Detroit, Michigan

Luckily, there are 16 markets in the 100 largest U.S. cities where you can expect to pay less than $80,000. And while home prices refuse to budge in favor of buyers, knowing which cities offer the most affordable post-closing expenses could be the deciding factor for those looking for a new place to call home.


A report out Monday by real estate company Point2 estimates that the upfront costs of buying a home run upwards of $92,040 for a house bought at the median price of $425,674. This includes just the down payment and closing costs of the purchase. Additional recurring costs like property taxes, insurance and annual mortgage total $32,667 on average.

It also finds that of the country's largest metros, Midwestern cities have been emerging as more affordable markets than coastal cities in terms of home prices.

The report shows that both home prices and homeownership costs are more affordable in Midwestern markets: Homeownership costs there are five times cheaper than in some of California's top cities.

(Of the 15 costliest cities for first-year homeowners, 11 are in California. First-year costs in these metros range between $200,000 and $390,000.)

Alternatively, of the 16 cheapest cities for first-year homeowners, half are located in the Midwest. At the top of the list is Detroit, where total costs for the first year clock in at just over $25,000. That's over 10 times cheaper than the most expensive market (San Francisco). Point2 also notes that Detroit is the only city with a median home price under $100,000.

Here's the full list of the cities with first-year homeownership costs totaling under $80,000:

  1. Detroit, Michigan
  2. Toledo, Ohio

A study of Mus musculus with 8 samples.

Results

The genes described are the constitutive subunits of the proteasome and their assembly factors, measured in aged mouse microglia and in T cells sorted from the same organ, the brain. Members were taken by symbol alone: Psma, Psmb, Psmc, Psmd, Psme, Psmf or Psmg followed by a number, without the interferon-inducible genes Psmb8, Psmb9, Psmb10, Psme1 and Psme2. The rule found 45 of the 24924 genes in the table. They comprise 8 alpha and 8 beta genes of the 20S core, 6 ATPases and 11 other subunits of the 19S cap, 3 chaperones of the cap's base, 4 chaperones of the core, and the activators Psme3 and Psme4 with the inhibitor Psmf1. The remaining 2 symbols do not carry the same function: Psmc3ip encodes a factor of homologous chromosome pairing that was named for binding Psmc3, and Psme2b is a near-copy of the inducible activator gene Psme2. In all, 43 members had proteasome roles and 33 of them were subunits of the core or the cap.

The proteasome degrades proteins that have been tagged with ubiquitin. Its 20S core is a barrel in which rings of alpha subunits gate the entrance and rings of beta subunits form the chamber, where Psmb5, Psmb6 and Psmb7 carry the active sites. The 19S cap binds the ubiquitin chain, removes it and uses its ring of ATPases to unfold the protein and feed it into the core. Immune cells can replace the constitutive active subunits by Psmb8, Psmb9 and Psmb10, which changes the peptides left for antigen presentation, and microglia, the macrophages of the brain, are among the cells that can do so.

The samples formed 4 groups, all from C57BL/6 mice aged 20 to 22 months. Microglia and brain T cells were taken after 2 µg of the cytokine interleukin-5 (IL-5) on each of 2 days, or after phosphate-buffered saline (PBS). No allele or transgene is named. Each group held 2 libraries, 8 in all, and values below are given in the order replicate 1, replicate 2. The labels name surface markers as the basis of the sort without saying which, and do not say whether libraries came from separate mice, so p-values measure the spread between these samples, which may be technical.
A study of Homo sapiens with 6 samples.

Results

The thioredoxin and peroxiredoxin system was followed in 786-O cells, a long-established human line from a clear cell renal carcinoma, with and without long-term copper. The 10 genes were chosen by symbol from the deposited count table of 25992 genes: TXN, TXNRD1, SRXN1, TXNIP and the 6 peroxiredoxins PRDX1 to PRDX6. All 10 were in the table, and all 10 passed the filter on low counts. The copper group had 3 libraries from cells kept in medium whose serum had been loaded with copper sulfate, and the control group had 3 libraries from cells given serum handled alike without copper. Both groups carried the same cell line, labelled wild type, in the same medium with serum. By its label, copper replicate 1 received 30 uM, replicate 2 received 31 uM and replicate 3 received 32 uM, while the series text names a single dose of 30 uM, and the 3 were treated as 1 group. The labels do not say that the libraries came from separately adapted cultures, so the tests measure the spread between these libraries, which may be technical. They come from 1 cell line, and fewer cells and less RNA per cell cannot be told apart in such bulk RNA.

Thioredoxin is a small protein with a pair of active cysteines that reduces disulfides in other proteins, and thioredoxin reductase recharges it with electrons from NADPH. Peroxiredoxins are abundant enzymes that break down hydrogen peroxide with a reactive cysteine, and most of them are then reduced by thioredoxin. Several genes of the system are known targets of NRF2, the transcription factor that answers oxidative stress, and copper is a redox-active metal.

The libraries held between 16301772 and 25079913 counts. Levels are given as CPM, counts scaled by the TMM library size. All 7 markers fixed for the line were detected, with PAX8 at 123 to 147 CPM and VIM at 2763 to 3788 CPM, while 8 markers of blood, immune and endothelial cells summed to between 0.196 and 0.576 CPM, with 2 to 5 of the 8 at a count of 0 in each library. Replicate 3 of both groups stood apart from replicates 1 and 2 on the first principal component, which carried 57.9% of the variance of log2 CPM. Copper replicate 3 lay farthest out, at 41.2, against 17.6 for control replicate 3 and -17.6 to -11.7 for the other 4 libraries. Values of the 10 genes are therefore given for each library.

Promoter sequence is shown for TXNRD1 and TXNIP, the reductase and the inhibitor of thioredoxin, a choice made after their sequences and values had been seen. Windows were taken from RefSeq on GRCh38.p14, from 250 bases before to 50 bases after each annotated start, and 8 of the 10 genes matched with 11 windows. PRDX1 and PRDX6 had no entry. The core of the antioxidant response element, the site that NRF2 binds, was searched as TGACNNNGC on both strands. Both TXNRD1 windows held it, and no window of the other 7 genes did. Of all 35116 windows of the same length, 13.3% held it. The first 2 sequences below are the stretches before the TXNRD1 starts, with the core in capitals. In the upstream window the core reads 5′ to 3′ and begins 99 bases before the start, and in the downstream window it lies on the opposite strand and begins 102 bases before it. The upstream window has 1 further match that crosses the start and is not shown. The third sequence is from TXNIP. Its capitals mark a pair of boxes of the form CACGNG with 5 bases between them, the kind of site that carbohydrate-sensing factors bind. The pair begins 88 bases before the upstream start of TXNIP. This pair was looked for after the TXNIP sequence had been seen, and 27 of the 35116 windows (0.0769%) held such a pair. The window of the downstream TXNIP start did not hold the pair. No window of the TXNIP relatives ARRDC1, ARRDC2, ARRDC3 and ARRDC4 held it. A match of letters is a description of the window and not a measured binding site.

3. Cleveland, Ohio
  4. Fort Wayne, Indiana
  5. St. Louis, Missouri
  6. Milwaukee, Wisconsin
  7. Memphis, Tennessee
  8. Wichita, Kansas
  9. Tulsa, Oklahoma
  10. Buffalo, New York
  11. Louisville, Kentucky
  12. Indianapolis, Indiana
  13. Lubbock, Texas
  14. Baltimore, Maryland
  15. Oklahoma City, Oklahoma
  16. El Paso, Texas

Bottom line

The Point2 report presents more evidence that the Midwest is building momentum as perhaps the most affordable region for homebuyers. However, it's worth keeping in mind that this affordability is only relative. Nine of the 16 cities listed are back to or above their previous all-time price highs.

Although they might be the most affordable places on the current market, don't expect to see a bevy of sales. The real estate industry is still racked with an inventory problem caused largely by would-be sellers being locked into much lower mortgage rates than are currently available, leading them to stay in their homes longer.

With the Federal Reserve resuming its interest rate hikes once again, mortgage rates are likely to stay inflated as it becomes more expensive for banks to borrow money. As such, we can expect mortgage rates to remain elevated, meaning little chance of a home sales boom any time soon.